Monday, July 06, 2015

OpenStack 07/07/2015 (a.m.)

  • Tags: surveillance state, legislation, CISA, cyberthreat-reporting, emails

    • Imagine you are the target of a phishing attack: Someone sends you an email attachment containing malware. Your email service provider shares the attachment with the government, so that others can configure their computer systems to spot similar attacks. The next day, your provider gets a call. It’s the Department of Homeland Security (DHS), and they’re curious. The malware appears to be from Turkey. Why, DHS wants to know, might someone in Turkey be interested in attacking you? So, would your email company please share all your emails with the government? Knowing more about you, investigators might better understand the attack.

      Normally, your email provider wouldn’t be allowed to give this information over without your consent or a search warrant. But that could soon change. The Senate may soon make another attempt at passing the Cybersecurity Information Sharing Act, a bill that would waive privacy laws in the name of cybersecurity. In April, the US House of Representatives passed by strong majorities two similar “cyber threat” information sharing bills. These bills grant companies immunity for giving DHS information about network attacks, attackers, and online crimes.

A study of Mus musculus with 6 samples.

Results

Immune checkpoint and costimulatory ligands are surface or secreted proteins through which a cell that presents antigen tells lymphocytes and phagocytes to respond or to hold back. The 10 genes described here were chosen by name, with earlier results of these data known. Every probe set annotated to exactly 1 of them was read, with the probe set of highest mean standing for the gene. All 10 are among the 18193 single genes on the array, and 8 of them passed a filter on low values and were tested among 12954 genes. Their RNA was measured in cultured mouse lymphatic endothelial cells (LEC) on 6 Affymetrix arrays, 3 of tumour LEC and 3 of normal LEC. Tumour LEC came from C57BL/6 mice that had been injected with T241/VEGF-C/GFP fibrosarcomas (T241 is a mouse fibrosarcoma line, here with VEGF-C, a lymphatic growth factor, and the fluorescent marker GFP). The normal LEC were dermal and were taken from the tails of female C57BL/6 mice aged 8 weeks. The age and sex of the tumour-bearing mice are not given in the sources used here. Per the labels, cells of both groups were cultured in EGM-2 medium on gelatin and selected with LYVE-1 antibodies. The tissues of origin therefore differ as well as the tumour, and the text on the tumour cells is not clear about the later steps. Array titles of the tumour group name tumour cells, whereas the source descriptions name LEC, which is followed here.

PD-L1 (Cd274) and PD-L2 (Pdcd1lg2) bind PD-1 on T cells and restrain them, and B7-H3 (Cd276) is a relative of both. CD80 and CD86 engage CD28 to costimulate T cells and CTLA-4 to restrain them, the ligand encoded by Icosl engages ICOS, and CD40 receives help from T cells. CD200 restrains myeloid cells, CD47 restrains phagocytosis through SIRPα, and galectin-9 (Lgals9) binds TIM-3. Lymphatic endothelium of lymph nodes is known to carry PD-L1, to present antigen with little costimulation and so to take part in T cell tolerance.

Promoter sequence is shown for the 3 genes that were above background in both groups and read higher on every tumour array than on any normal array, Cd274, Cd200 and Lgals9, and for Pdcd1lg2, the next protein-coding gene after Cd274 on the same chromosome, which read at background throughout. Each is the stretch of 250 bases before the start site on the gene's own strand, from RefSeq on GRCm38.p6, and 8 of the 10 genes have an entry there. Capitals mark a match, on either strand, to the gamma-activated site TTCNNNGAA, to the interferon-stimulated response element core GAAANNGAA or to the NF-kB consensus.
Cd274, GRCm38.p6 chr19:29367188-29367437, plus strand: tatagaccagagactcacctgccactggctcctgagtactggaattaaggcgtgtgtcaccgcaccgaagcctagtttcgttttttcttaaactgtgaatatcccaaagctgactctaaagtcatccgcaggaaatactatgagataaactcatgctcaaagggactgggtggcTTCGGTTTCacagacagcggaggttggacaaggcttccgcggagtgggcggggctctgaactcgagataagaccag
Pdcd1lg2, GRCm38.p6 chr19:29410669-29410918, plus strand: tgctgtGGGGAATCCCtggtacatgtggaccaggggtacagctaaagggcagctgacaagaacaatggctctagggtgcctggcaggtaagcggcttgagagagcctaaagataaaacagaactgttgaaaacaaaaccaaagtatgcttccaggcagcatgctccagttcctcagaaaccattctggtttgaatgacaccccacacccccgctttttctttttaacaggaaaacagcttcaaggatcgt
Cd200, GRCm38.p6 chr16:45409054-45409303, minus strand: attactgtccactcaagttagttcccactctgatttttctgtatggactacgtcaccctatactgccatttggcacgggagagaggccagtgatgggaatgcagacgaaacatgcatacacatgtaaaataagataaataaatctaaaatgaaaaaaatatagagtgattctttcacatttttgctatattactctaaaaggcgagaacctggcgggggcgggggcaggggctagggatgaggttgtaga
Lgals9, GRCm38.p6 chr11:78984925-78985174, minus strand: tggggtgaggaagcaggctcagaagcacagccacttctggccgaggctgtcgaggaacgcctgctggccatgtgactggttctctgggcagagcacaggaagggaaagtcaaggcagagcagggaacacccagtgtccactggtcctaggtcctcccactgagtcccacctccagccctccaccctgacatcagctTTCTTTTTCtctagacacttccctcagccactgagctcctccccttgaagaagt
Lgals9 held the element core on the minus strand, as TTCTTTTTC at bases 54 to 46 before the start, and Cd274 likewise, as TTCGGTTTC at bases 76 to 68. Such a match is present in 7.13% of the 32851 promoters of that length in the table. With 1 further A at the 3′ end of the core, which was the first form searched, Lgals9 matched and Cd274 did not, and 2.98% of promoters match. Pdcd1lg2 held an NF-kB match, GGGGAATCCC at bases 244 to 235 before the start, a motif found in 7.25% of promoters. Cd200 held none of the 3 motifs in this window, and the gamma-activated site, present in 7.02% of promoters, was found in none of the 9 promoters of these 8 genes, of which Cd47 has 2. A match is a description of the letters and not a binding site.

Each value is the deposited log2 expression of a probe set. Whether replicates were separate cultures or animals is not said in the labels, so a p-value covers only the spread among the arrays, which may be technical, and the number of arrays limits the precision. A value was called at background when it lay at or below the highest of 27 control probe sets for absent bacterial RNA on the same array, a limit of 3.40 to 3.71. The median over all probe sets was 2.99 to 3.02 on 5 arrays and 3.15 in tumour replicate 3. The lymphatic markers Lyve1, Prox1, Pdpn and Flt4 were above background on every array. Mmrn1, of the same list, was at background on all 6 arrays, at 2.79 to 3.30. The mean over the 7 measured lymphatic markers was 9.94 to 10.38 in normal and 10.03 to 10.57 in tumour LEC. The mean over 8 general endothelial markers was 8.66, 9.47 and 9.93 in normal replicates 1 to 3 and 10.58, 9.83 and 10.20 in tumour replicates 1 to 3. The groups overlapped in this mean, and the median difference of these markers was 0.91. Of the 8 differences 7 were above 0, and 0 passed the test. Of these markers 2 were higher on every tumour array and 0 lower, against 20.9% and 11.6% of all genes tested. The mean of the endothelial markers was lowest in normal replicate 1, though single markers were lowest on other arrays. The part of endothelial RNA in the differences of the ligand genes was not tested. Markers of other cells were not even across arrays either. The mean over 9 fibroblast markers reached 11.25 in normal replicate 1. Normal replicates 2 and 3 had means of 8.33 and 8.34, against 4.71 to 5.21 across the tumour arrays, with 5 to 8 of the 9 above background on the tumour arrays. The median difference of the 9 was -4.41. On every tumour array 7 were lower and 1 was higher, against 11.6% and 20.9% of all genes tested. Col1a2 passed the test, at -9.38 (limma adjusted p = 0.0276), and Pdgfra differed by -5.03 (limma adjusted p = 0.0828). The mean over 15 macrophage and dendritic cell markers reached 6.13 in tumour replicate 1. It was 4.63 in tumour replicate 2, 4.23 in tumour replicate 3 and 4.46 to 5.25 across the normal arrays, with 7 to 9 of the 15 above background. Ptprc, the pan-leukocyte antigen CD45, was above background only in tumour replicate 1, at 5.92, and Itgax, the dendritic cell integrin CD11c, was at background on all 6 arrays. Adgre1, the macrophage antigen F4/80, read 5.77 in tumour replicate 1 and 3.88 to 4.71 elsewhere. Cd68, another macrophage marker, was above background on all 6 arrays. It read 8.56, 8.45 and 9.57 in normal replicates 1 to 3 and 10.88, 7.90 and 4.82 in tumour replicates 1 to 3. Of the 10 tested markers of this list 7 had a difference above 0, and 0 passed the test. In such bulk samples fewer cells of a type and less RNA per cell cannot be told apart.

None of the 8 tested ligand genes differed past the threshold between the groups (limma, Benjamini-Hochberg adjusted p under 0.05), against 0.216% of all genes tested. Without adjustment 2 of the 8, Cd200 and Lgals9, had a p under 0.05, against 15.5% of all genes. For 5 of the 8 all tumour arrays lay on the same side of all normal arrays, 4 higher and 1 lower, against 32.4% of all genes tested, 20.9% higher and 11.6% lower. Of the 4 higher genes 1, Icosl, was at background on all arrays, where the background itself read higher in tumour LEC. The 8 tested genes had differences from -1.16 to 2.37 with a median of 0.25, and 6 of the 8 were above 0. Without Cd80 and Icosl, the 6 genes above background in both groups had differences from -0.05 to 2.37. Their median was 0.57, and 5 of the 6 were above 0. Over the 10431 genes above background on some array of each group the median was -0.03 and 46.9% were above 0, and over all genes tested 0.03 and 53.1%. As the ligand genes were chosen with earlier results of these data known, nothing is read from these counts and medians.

• Sharing information about security vulnerabilities is a good idea. Shared vulnerability data empowers other system operators to check and see if they, too, have been attacked, and also to guard against being similarly attacked in the future. I’ve spent most of my career fighting for researchers’ rights to share this kind of information against threats from companies that didn’t want their customers to know their products were flawed.

      But, these bills gut legal protections against government fishing expeditions exactly at a time when individuals and Internet companies need privacy laws to get stronger, not weaker. 

    • Worse, the bills aren’t needed. Private companies share threat data with each other, and even with the government, all the time. The threat data that security professionals use to protect networks from future attacks is a far more narrow category of information than those included in the bills being considered by Congress, and will only rarely contain private information.

      And none of the recent cyberattacks — not Sony, not Target, and not the devastating grab of sensitive background check interviews on government employees at the Office of Personnel Management — would have been mitigated by these bills.

  • Chipping away at the First Amendment. 

    Tags: surveillance state, legislation, social media, mandatory-reporting, terrorists™

    • Social media sites such as Twitter and YouTube would be required to report videos and other content posted by suspected terrorists to federal authorities under legislation approved this past week by the Senate Intelligence Committee.

      The measure, contained in the 2016 intelligence authorization, which still has to be voted on by the full Senate, is an effort to help intelligence and law enforcement officials detect threats from the Islamic State and other terrorist groups.